Nickel IMAC for His-tag - column goes dark brown! What does this mean? - (Jun/10/2012 )
My lab adventures continue it seems! My column is going dark brown!
I have a GE 20 mL HR Nickel IMAC column for purifying my His-Tag protein.
I have recharged the column by running Nickel Acetate 0.1 M in MilliQ water through it - this was fine. I then ran MilliQ water
through the column to flush away any excess unbound metal.
Next I put 50 mM Sodium Phosphate buffer pH 7.4, 30% Glycerol, 10 mM Imidazole, 10 mM Beta-mercaptoethanol into the column.
The column goes from nice green/blue to this ugly brown! What is going on?!
I suspect that the mercaptoethanol is somehow reacting with the nickel? Is this possible?
When I mix some nickel acetate with the buffer - this horrible smoky fog brown forms.
The protocol I am following is this one:
The mercaptoethanol is there to elute unwanted e.coli proteins more easily.
1. Baker, R. T.; Catanzariti, A.-M.; Karunasekara, Y.; Soboleva, T. A.; Sharwood, R.; Whitney, S.; Board, P. G. In Methods Enzymol.; Raymond, J. D., Ed.; Academic Press, 2005; Vol. Volume 398, pp. 540. Using Deubiquitinylating enzymes as research tools.
UPDATE Tue 12th June 2012
I have used MilliQ water to pump off this horrendous brown/black stuff - two column volume, and thank heavens it comes off.
Next I pumped 2 column volumes of 0.1 M Nickel Acetate into the column and followed with 2 column volumes of MilliQ water.
Then regenerated with buffer WITHOUT beta-mercaptoethanol.
The column looks fine, will try run a prep through it now.
I have seen this happen before when sample is loaded, I think it has something to do with reducing agent reducing the column media, perhaps your BME dilution is off (straight from bottle, it's 14.3M). Might want to try TCEP as reducing agent if your protein has cysteines and histidines and needs it.
Thank you vsoy.
The paper states that BME is there to assist in removing e-coli proteins. We shall see how the gel works out on this one.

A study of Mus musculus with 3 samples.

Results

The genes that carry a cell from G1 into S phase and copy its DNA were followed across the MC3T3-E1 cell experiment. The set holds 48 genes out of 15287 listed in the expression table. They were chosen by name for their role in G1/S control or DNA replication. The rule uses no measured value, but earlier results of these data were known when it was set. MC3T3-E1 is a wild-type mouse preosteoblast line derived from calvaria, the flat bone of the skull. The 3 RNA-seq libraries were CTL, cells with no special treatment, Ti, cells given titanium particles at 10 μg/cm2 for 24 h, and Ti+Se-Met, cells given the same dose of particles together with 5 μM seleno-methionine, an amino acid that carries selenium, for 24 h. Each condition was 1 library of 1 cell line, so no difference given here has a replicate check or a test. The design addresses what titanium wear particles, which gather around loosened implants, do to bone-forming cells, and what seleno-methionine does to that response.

Yes, it's the BME causing the brown color- reducing agents like BME, DTT etc reduce the nickel present on the column. Some companies have nickel resins that they claim to tolerate low levels of reducing agents, I've seen different ranges depending on the resin so you may be able to try out some different ones if you need the reducing agent while purifying.
even if they state that their resin is resistant to BME and DTT, it is not quite like that. I would never add in the first purification step DTT/BME (I used to do so and my columns got brown). I usually just wash them long (200-300 mL) with MilliQ water. I do not recharge them because you have to was them extensively afterwards. But if you need to recharge a column, you wash with NaOH, water and then Ni-sulphate and then water again (check the protocol of the columns from GE Healthcare, they have nice description of all the steps). In my experience both the Ni-sephareose from GE Healthcare and the Ni-NTA from Qiagen get brown from DTT. But Ni-NTA can resist a bit more DTT (1 mM without any problem)
I've had this same problem and contacted GE Healthcare's tech support and it has an easy solution. The brown color comes from the reaction of the reducing agent with the free nickel that is bound to the column. Pre-wash the column with high mM Imidazole elution buffer first and then equilibrate with binding buffer. If you do this, the column won't turn brown.